In the early 14th century, a nun named Joan of Leeds faked her own death to escape the house of St. Clement by York. She enjoyed an entirely different kind of life after slipping away from the convent. Scholars in the United Kingdom recently translated a letter that the Archbishop of York wrote about the nun’s scheme, which used a “dummy” and a bogus burial.
“Her story has been unearthed by researchers at the Borthwick Institute for Archives at the University of York, which are part of a £1 million project to put the 14th century registers of the Archbishops of York online,” according to Church Times.
After her “burial,” Joan was evidently revealed to still be very much alive in the secular world, to the horror of church leaders.
“She now wanders at large to the notorious peril to her soul and to the scandal of all of her order,” the highly disapproving Archbishop of York William Melton wrote about Joan in a record book dated 1318.
The Archbishop continued: “Having faked her death and, in a cunning, nefarious manner, turning her back on the observance of religion that she previously professed, and having turned her back on decency and the good of religion, seduced by indecency, she involved herself irreverently and perverted her path of life arrogantly to the way of carnal lust and away from poverty and obedience.”
University of York historian Sarah Rees Jones, who is leading the digitizing project, told HuffPost that her team isn’t sure if Joan ever returned to the convent ― either willingly or because she was forced.
Presumably fed up with her life as a nun, Joan faked “a bodily illness” and “pretended to be dead.” With the help of some accomplices in the convent, she successfully tricked the heads of her Benedictine convent into thinking she was dead. A lookalike dummy was buried “in a sacred space” among actual dead members of her order.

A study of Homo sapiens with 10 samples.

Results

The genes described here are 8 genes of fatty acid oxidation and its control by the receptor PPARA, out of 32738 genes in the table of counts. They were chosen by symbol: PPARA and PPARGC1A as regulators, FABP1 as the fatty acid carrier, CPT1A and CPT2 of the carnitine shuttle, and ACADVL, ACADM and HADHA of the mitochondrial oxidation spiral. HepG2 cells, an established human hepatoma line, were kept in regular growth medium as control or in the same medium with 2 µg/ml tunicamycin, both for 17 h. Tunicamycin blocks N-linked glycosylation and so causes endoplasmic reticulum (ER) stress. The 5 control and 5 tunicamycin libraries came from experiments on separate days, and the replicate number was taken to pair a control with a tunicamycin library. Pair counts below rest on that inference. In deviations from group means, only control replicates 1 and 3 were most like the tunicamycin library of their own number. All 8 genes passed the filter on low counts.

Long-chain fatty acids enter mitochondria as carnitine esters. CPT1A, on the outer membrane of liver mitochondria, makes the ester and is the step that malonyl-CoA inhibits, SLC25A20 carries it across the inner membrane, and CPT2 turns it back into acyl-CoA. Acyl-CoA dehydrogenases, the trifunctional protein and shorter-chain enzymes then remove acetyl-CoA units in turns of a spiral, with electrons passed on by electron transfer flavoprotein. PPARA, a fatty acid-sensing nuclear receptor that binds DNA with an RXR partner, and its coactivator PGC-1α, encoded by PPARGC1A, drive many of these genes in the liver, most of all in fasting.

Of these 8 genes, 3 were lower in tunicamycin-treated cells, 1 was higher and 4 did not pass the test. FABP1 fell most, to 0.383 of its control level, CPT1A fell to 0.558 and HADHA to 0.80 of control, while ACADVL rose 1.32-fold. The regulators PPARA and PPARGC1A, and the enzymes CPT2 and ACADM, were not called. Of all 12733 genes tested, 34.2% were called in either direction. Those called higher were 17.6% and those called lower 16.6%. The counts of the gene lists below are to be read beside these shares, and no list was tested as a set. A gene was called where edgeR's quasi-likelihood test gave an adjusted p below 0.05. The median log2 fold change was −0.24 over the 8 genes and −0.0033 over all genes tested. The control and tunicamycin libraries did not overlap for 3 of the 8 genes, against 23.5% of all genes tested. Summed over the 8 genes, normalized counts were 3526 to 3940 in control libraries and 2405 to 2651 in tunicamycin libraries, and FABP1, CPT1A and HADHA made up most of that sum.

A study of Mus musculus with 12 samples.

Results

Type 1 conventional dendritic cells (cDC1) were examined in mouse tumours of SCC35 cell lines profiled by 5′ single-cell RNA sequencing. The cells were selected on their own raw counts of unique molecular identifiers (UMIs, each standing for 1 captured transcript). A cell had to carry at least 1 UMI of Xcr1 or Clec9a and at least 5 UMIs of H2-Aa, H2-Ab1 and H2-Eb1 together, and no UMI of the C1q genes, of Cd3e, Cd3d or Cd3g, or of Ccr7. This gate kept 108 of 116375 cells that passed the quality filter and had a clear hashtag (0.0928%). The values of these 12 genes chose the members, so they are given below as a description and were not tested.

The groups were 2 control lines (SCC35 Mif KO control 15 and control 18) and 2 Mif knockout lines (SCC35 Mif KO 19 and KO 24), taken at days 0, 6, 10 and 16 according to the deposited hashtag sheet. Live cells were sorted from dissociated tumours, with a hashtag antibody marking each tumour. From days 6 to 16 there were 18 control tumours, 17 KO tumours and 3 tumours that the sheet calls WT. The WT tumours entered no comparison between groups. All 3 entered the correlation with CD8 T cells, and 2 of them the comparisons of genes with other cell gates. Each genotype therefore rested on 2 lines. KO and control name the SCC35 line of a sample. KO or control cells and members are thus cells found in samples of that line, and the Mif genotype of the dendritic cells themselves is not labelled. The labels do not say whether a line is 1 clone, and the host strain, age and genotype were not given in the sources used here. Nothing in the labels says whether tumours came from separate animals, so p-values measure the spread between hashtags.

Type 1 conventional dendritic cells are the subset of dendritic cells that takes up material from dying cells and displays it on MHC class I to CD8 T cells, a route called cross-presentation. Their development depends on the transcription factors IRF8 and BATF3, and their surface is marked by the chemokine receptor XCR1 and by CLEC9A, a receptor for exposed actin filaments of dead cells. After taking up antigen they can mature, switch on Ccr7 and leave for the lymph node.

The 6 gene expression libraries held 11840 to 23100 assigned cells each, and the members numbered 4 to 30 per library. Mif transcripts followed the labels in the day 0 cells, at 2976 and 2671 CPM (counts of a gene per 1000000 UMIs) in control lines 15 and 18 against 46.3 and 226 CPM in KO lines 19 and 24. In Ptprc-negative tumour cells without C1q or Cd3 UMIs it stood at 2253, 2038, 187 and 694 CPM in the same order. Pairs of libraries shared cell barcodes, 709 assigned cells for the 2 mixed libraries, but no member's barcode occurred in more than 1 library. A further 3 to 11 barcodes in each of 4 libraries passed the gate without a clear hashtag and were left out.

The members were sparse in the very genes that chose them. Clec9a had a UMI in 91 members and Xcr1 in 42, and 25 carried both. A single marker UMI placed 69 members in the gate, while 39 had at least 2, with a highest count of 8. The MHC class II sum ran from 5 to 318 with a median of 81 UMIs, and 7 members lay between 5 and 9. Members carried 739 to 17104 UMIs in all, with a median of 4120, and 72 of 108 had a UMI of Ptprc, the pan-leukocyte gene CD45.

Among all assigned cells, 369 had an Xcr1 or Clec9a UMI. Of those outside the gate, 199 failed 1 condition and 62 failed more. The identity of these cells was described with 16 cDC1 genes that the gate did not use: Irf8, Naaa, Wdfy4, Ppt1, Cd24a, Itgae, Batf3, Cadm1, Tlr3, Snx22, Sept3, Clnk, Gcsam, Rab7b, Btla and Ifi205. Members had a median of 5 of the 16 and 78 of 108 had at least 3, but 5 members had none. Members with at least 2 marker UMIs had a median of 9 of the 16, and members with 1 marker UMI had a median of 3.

The letter doesn’t describe what Joan’s dummy looked like or was made of. Sarah Rees Jones has a theory that she may have filled a shroud with dirt or sand and arranged for its burial.
Rees Jones told the Church Times: “There are several cases of ‘runaway’ monks and nuns from various religious houses in the registers. But we don’t always get as much detail as this, and we don’t always have the full story. Women often entered convents in adolescence, and such changes of heart about their vocation were not uncommon.”
While the archbishop said that her goal was a life of “carnal lust,” Joan’s motives are not known for sure.
“This may mean no more (in modern terms) than enjoying the material pleasures of living in the secular world (abandoning her vow of poverty), or it may mean entering into a sexual relationship (abandoning her vow of chastity),” said Rees Jones to Live Science. “We do know that other religious [people] abandoned their vocations either to marry or to take up an inheritance of some kind.”
Cases of runaway nuns were not unknown in the medieval era. Some of them entered convent life in their early teens. History.com reveals that many women had trouble finding decent work to support themselves and faced difficulty finding a husband if their family couldn’t provide a good dowry.
Rees Jones went to say that survival in those days could be hard and one great benefit of living in a religious structure was that you always had bed and board..
“From archaeology, we can tell that people living in religious houses, even quite small ones like the one that Joan of Leeds lived in, had probably on average a better standard of life than the ordinary run-of-the-mill people outside of the religious life,” she said. The high rate at which women died in childbirth was also a factor in why nuns might typically live a little longer than the average woman.